3 Surprising Products That Were Recalled

Product recalls happen on a pretty regular basis. They are usually the result of a manufacturer discovering a flaw or problem with their product that could lead to a severe injury or create the potential for a lawsuit. Here are 3 of the most surprising recalls you might have missed.

Recall 1: U.S. Consumer Product Safety Commission Lapel Pins

The U.S. Consumer Product Safety Commission (CPSC) is responsible for monitoring the market for dangerous products. It was formed in 1972 when people were extremely concerned about unsafe toys sending kids to the emergency room. In a strange twist of fate, around 80,000 lapel pins distributed by the CPSC to endorse toy safety had to be recalled. The pins contained too much lead and had sharp edges and clips that presented a possible choking hazard.

Recall 2: Too Cool to Do Drugs Pencils

One of the most unexpected recalls involved a pencil designed to keep children from doing drugs. While Drug Abuse Resistance Education (DARE) has proven to be ineffective, people have continued to make other efforts to keep kids away from dangerous products. In New York, the Bureau for At-Risk Youth distributed No. 2 pencils with the phrase “Too Cool to Do Drugs” inscribed on the side. While the pencils seemed harmless enough, one 10-year-old boy noticed as the pencils were sharpened, the phrase changed. “Too Cool to Do Drugs” morphed into “Cool to Do Drugs,” “Do Drugs,” and eventually just “Drugs.” The pencils were recalled and reprinted in the opposite direction, so the word “drugs” was the first to go.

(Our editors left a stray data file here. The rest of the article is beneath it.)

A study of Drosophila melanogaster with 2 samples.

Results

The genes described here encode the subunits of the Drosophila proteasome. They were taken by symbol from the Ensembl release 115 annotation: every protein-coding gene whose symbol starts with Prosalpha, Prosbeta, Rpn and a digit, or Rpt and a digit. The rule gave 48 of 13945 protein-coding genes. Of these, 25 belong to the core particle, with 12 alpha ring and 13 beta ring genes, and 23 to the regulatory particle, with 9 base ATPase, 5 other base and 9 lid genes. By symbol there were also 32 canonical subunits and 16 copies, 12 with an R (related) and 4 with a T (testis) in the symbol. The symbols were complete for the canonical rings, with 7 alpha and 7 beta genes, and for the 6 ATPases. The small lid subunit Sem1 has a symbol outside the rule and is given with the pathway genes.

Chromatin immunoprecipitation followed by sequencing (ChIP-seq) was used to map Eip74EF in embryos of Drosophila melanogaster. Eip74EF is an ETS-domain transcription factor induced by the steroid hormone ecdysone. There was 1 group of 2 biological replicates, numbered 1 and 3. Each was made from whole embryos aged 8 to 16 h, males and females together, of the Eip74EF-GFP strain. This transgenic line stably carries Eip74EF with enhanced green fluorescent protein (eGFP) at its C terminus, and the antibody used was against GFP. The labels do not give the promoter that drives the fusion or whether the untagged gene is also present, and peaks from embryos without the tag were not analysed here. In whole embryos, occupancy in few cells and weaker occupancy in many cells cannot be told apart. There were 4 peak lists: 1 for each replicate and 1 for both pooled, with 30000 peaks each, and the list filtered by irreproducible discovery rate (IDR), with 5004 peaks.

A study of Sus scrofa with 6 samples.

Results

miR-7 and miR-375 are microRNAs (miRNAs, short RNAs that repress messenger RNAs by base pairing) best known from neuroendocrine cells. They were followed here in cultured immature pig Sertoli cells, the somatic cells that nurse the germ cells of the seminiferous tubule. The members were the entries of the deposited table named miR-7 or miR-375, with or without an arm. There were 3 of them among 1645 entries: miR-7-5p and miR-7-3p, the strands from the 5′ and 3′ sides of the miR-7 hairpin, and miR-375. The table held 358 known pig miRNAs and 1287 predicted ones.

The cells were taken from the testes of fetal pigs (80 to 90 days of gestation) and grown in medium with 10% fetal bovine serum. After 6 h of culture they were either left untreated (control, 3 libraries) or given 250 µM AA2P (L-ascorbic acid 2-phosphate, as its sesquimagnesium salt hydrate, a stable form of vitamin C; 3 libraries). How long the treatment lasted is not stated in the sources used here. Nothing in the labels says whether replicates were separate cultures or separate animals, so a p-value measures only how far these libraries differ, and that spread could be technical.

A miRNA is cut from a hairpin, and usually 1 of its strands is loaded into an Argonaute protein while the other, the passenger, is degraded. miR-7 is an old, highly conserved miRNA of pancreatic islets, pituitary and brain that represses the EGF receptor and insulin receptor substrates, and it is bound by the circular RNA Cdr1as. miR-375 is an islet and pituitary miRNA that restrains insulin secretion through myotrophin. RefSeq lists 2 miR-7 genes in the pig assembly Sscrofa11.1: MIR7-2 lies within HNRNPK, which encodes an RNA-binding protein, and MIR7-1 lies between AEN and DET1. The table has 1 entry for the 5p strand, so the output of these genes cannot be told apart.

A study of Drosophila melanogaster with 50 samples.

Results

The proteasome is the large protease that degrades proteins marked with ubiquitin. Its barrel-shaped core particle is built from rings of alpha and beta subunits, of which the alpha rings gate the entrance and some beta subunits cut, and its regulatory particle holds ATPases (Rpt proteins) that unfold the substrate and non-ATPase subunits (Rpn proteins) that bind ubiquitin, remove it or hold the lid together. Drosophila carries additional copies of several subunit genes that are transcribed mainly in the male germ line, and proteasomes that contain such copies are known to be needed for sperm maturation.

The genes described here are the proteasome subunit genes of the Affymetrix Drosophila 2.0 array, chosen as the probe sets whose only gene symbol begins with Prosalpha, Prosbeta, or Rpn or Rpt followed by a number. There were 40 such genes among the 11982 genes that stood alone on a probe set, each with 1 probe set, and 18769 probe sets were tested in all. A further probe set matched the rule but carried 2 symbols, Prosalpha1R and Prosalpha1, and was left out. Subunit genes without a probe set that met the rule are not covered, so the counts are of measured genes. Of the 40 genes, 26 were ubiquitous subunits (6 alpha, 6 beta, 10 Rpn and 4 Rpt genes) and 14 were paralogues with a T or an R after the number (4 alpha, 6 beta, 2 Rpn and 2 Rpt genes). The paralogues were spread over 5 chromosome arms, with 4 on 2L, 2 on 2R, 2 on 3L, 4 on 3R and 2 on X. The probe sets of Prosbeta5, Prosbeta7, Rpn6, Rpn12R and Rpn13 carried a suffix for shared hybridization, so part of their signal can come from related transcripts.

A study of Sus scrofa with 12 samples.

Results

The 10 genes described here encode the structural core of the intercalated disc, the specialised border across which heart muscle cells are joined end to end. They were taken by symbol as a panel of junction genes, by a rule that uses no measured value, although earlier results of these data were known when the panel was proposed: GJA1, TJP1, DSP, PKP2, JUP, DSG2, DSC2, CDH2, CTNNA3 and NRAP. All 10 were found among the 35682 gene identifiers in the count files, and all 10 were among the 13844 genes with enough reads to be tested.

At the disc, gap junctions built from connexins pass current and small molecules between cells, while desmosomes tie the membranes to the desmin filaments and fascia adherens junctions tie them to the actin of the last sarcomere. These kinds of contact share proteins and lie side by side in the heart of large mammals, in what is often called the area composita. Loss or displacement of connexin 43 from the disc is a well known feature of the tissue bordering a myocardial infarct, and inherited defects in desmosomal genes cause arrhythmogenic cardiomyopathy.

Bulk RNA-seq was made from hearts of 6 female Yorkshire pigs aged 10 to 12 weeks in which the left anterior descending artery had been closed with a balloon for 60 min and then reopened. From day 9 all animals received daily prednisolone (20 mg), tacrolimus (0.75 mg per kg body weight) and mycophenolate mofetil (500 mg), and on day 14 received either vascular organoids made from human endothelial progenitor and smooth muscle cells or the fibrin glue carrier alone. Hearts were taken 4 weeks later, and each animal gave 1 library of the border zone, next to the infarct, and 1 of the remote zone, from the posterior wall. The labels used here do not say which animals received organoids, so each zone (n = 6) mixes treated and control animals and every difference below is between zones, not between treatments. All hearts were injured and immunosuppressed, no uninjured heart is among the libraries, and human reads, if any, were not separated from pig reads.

Recall 3: Dive Sticks

Some people may remember dive sticks fondly. They were as harmless as you can imagine. Their purpose was to throw into a swimming pool so children could dive to retrieve them. Dive sticks were plastic rods shaped like fun sea-themed characters and weighted so they would sink. However, they caused a horrible problem. When kids dove into shallow pools, they were impaled on the sticks. The dive sticks caused serious anal and vaginal penetration requiring surgery. One 6-year-old girl had to be airlifted to hospital, where she needed two hours of surgery after she was impaled on a dive stick in an inflatable pool. More than 19 million dive sticks were recalled in June 1999.

If you were harmed by a defective product, don’t hesitate to call our skilled Denver product liability attorneys. The Gilbert Law Group® is dedicated to helping you recover compensation for your injuries.

Contact us at (888) 711-5947 to schedule a free consultation with us today.